Cox's Demesne
Cox's Demesne in Dundalk is to benefit from new capital funding. Photo Credit: Google Maps.

A number of youth orientated projects in Louth are to benefit from capital grant funding to the tune of just over €12,500, the Department of Children, Disability, Equality and Integration has announced.

Nationally, €2.32 million is being provided to 147 staff-led youth projects and 25 national youth organisations. The money will go towards purchase and replacing essential equipment to support the running of their services for young people to to provide innovative models of safe online communication for staff and with young people.


In Louth, Dundalk Youth Centre and Boomerang Drogheda as well as Youth Work Ireland projects in Muirhevnamor (Craobh Rua), Cox’s Demesne and Southside Drogheda will benefit. Some projects were supported in their application by the Louth Meath Education and Training Board, while the YWI projects were invited to apply by the Department.

“I am delighted to be announcing these capital grants. Throughout the Covid-19 restrictions, youth services adapted, moved online and continued supporting young people’s well-being and social connections,” Minister Roderic O’Gorman said. “The role these services play in our communities cannot be overstated.”

The funding to the national youth organisations this year focused on data protection and the purchase of equipment to augment flexible working.  The capital scheme supported the replacement or upgrade of ICT to improve services for young people and to meet governance and GDPR requirements.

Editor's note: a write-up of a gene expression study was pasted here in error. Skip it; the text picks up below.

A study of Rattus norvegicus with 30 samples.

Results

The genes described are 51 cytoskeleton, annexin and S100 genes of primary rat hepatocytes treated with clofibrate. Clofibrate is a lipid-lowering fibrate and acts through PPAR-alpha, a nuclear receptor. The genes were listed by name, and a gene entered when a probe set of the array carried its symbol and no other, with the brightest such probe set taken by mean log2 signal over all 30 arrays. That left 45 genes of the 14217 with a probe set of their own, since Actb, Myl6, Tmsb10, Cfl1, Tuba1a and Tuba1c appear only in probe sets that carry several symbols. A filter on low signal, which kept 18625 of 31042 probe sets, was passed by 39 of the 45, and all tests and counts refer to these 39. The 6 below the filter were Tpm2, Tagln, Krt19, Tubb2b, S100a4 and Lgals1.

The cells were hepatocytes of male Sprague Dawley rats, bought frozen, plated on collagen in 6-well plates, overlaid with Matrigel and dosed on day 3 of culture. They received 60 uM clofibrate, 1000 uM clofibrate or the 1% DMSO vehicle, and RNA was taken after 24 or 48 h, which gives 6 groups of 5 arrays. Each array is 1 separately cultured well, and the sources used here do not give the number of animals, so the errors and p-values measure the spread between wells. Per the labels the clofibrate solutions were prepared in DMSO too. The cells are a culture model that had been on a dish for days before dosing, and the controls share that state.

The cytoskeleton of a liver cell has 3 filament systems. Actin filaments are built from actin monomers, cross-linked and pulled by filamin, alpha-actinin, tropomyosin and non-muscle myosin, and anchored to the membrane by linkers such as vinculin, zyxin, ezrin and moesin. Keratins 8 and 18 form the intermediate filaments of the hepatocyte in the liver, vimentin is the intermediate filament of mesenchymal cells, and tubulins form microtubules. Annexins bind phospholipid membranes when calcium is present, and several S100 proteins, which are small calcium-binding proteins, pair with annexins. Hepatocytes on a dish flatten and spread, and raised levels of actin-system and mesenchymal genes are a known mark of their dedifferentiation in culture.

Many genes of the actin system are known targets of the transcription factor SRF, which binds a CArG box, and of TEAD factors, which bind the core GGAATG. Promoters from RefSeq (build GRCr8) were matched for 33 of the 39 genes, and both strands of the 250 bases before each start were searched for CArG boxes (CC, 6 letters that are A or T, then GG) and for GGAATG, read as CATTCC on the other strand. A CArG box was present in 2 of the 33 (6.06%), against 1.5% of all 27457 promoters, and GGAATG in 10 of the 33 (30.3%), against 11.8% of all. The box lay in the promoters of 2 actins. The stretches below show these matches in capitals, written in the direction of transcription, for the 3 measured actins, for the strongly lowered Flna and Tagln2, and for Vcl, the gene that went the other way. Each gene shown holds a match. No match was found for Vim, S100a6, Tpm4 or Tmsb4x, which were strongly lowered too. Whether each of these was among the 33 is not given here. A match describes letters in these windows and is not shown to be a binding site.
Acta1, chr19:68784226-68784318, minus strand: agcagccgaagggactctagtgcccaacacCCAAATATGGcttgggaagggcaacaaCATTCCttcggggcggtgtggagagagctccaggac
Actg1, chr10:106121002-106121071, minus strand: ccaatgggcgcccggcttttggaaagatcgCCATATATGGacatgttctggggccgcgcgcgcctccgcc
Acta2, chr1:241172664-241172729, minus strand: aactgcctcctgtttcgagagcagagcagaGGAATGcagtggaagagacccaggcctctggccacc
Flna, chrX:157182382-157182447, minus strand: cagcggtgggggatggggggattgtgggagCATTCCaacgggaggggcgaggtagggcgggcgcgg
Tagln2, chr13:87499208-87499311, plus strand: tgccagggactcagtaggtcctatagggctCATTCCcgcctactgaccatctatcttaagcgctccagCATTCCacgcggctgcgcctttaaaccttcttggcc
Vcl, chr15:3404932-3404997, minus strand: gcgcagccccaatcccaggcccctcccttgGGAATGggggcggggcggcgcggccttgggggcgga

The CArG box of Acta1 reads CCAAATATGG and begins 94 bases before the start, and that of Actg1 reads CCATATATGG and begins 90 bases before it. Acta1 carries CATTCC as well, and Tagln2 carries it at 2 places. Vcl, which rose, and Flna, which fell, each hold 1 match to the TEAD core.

The funding to the staff-led youth services focused the purchase of new or replace essential equipment for youth services as well as minor health and safety improvements.

You can view the breakdown of funding below.


Click below to view the breakdown of capital funding awarded by the Department.

Cox’s Demense Youth and Community Project in Oakland Park was first established in 1991 when two derelict or unused houses were provided by Dundalk Town Council and were renovated by local people. The project aimed to provide somewhere within the community where young people who were excluded from all mainstream programmes, projects and clubs would be welcomed, learn new skills and be given new opportunities.

Presently in Cox’s Demesne, there are approximately 200 children and young people availing of the programmes and projects on a weekly basis. A staff team of nine full-time workers helm the centre with help from some part-time staff and community employment workers.

In Drogheda, the Boomerang Cafe and Youth Service on Fair Street in the town aims to meet the social, developmental and personal needs of young people, carrying out work through a community development approach, which results in a supportive environment and a wide range of options for young people.